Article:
Politics is a strange game both in Nashville, Washington, DC

Published 12:00 pm Friday, April 21, 2023

Rep. Scotty Campbell of Mountain City, who served as vice chair of the Tennessee House Republican Caucus, violated the Legislature’s workplace discrimination and harassment policy. The brief Ethics Subcommittee findings document from late March did not provide specifics. Campbell’s only response to the ethics panel’s decision was: “I had consensual, adult conversations with two adults off property.”
However, his resignation did not come until after he was confronted by a Nashville TV station about sexual harassment allegations involving legislative interns.
But had the ethics subcommittee findings not been made public, Campbell possibly would not have resigned. Campbell stayed in office three weeks after the subcommittee issued its findings.
Just two weeks earlier he was condemning three fellow legislators for demonstrating on the House floor following a shooting at a Nashville school. Sounds like the skillet calling the kettle black.
And, in Nashville this week, the Republican controlled legislation was hurrying to finish up business so as to not have to take up legislation proposed by Gov. Bill Lee on making it tougher for mentally unstable persons to have guns.
Tennessee lawmakers are in a push and pull over gun laws in the state, and here in Northeast Tennessee and Carter County, most people are pro-guns. But, we’ve yet to see – and God forbid that we ever will – see a shooting in our midst like the one at Covington Elementary in Nashville, Sandy Hook in Connecticut, or the many others which have taken place around the nation.
Before the Nashville school shooting, gun control advocates had spent years trying to get Tennessee lawmakers to tighten gun laws in hopes of preventing something like this from happening.
Instead, Tennessee’s Republican dominated legislature and governor’s office have made the state a more gun-friendly place – courting gun manufacturers to move here and making it easier for more people to get guns and carry guns more places.
Tennessee has become one of the most gun-friendly states in the nation over the last decade.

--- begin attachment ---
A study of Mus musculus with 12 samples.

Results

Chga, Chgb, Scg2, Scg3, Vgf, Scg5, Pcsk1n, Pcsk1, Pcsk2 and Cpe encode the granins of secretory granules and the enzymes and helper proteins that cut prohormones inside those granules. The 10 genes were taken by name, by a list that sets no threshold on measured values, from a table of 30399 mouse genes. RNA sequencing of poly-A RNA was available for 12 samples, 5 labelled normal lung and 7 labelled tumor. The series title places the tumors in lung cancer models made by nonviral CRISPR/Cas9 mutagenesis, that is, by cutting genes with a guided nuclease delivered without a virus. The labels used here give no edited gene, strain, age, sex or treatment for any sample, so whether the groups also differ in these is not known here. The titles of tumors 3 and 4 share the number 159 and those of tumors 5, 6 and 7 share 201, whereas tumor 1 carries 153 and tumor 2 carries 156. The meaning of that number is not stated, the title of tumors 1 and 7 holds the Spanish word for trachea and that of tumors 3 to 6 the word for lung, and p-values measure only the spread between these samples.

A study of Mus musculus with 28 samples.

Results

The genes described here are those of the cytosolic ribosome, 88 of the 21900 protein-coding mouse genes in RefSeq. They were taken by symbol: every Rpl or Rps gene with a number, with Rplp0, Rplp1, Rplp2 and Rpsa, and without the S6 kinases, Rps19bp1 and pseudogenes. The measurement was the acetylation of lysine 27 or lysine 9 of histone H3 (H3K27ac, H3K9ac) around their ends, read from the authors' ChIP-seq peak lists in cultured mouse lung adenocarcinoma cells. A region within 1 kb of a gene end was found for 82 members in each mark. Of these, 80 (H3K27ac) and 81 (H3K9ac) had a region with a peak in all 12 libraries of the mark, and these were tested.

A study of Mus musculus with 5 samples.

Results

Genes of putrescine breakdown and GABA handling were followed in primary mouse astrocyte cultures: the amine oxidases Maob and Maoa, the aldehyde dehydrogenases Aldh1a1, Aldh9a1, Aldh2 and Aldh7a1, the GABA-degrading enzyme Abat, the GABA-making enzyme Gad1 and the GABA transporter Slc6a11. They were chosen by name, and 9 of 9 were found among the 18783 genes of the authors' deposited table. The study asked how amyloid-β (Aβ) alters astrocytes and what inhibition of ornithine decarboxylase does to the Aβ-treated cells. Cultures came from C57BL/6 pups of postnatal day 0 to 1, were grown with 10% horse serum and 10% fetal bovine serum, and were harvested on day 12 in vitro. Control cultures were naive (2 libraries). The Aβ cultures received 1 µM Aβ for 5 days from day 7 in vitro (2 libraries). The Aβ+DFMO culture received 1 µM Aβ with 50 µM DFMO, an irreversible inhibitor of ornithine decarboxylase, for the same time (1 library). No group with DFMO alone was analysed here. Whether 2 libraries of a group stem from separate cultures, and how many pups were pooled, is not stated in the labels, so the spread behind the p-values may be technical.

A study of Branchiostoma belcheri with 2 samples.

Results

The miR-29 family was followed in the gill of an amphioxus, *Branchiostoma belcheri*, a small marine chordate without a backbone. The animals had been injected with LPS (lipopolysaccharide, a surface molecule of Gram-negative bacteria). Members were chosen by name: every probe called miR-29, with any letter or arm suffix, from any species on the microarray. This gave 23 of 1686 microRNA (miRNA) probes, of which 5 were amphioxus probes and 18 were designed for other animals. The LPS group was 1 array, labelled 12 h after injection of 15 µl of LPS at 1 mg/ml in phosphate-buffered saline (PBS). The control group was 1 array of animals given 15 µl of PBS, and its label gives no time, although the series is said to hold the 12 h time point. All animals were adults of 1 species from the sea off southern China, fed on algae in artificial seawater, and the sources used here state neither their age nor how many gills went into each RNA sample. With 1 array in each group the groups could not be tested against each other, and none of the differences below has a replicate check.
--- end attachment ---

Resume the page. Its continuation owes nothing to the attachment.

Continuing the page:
Among gun manufacturers who have re-located to Tennessee in recent years are Beretta, GS Performance, a Glock handgun accessory and parts manufacturer, and Smith & Wesson. The main reason Smith & Wesson relocated their production from Massachusetts to Tennessee: Tennessee’s support of the Second Amendment. Tennessee spent $10 million to woo Beretta.
Politics is not a clean game. Tennessee politics is bad, but it is even worse in Washington.
Those who play the dirtiest tend to win more times than not. Politicians who don’t play the game in this manner and attempt to stay on the high road will always come up on the short end at the ballot box, because money often speaks louder than the voters.
There’s a saying that if you saw how your food is made at the factory or cooked in your favorite restaurant, you would never eat again.
The same is true for politics. If you saw what goes on behind closed doors and in the back rooms of our political establishments, you would never vote again and become an anarchist.
What a difference a week can make. Ask Scotty Campbell.
Two weeks ago when he voted to oust three lawmakers (only two were ousted) for demonstrating on the House Floor in Nashville, did he think that he would be resigning for doing something nonethical? Probably not, but someone squealed, and it cost him his job in Nashville.
Yes, politics, is a strange game, and if we aren’t careful, those guns can be used to shoot us in the foot.
However, we commend Campbell for taking responsibility for his discretions and resigning.